Kate Herbert is theatre reviewer, Herald Sun, Melbourne & formerly for Melbourne Times. Kate is a director & produced playwright (20 plays). Scripts published by Currency Press. She worked as an actor, comedian, improviser & teacher of Acting, Improvisation & Playwriting. Kate is currently Convenor of Professional Writing & Editing, Swinburne University. Read her reviews here or at: www.heraldsun.com.au/entertainment/arts. NB Explorer Browser doesn't always work on blog.
Friday, 16 March 2012
Odyssey by Andreas Litras, March 15, 2012, ***1/2
Odyssey by Andreas Litras Identity Theatre
The Open Stage, Parkville, March 15 to 31, 2012
Reviewer: Kate Herbert
Andreas Litras in Odyssey
IN HIS SOLO SHOW, ODYSSEY, ANDREAS LITRAS uses Homer’s Ancient Greek, epic poem about the fraught voyages of Odysseus to illuminate his own family’s journey from Greece to Australia.
The play, directed skilfully by John Bolton, began its own journey in the 1990s and now returns for those who missed it before it went on its international travels.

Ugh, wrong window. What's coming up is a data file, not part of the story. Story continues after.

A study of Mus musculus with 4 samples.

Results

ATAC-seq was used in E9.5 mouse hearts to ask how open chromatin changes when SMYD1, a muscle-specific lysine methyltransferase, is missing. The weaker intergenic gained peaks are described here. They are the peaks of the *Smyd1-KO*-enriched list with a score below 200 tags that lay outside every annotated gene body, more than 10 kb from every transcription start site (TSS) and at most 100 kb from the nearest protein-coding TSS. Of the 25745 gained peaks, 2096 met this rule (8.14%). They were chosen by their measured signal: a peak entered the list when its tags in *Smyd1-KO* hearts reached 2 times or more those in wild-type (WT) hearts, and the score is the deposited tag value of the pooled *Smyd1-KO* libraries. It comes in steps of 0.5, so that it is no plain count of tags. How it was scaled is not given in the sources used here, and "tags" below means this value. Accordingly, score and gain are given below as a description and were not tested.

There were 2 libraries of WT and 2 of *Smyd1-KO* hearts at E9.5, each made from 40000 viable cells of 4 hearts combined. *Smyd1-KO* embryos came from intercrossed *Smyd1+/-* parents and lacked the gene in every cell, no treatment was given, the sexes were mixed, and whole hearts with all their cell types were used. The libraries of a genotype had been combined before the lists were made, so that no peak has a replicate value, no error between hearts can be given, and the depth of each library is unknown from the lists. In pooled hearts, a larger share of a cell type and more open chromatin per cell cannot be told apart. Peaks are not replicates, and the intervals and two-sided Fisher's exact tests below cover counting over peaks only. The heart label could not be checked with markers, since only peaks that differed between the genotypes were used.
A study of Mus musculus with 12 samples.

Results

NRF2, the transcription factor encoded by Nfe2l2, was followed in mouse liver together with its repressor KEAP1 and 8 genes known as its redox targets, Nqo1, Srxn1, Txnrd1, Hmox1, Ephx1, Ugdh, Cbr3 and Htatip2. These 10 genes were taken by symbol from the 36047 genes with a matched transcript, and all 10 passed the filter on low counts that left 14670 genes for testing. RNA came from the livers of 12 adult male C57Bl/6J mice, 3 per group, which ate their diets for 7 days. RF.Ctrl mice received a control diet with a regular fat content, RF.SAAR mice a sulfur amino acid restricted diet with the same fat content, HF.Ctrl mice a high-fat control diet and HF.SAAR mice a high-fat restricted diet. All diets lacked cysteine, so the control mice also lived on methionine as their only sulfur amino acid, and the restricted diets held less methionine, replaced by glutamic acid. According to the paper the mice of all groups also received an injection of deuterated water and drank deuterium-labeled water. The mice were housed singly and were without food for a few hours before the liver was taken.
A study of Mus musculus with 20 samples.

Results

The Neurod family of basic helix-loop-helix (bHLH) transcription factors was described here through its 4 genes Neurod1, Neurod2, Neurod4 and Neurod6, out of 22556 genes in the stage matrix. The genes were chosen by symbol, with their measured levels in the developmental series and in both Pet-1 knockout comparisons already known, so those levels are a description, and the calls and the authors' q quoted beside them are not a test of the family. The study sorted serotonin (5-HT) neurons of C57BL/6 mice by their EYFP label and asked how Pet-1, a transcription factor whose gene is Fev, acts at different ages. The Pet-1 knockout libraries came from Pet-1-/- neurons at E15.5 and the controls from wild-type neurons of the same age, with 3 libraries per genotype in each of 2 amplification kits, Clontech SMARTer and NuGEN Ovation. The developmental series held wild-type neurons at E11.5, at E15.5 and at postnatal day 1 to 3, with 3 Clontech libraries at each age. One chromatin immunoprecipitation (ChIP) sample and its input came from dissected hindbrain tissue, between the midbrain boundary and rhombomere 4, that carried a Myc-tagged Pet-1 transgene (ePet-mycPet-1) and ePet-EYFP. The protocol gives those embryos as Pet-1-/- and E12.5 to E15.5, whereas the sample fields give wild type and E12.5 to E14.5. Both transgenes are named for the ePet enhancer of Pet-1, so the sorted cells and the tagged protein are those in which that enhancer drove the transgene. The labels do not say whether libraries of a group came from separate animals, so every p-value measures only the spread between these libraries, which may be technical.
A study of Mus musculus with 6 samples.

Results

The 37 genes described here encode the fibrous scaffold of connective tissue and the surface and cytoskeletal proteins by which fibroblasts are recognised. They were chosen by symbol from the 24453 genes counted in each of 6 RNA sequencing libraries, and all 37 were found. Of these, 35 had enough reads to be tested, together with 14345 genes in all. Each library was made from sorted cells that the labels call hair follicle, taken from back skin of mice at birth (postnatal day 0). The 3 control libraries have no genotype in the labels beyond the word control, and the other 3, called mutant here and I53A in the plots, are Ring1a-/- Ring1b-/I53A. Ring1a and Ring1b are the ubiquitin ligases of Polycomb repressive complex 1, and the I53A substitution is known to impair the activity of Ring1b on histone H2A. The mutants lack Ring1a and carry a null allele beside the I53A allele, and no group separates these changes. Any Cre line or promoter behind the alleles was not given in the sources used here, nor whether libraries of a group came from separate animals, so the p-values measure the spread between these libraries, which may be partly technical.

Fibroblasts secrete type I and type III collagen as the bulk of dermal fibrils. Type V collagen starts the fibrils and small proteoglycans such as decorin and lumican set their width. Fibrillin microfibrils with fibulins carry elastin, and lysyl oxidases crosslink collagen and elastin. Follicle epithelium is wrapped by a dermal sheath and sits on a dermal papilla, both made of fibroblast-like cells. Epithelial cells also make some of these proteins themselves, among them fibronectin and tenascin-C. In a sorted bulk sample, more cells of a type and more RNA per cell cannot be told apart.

Litras creates an intimate relationship with us, addressing the audience directly as both himself and an older, Greek bloke who prepares the stage for the performance.
In the style of ‘Poor Theatre’, the stage is sparsely decorated with three hinged frames that establish locations in Greece and Australia, aboard ship, a chip shop, the walls of Troy, Cyclops’ cave and Circe’s island.
Using both tragedy and comedy, Litras peoples the stage with a parade of characters from his family and from the ancient the legendary hero’s 20-year voyage.
As the older character, Litras relates the tale of Odysseus and it is here that his polished clown skills are employed to depict the Battle of Troy and the Trojan Horse, Odysseus’s confrontation with Cyclops, Circe and the Sirens.
His inventive depiction of Odysseus in the Underworld is performed behind the lid of a suitcase where, in rapidly applied white-face, he changes character with a wig, a crown or a moustache.
As himself, he narrates his parents’ migration to Australia, finding comedy in his father’s cheeky behaviour, his mother’s arrival as a proxy bride and the extended family’s obsession with fish and chips shops.
Litras tempers the comedy with darker, poignant moments such as his father’s death, his mother praying to saintly icons, images of his father gambling and smoking or being called a wog.
Weaving the legend with autobiography, memory with imagination, comedy with tragedy, Litras creates a moving piece of theatre and history in this little gem.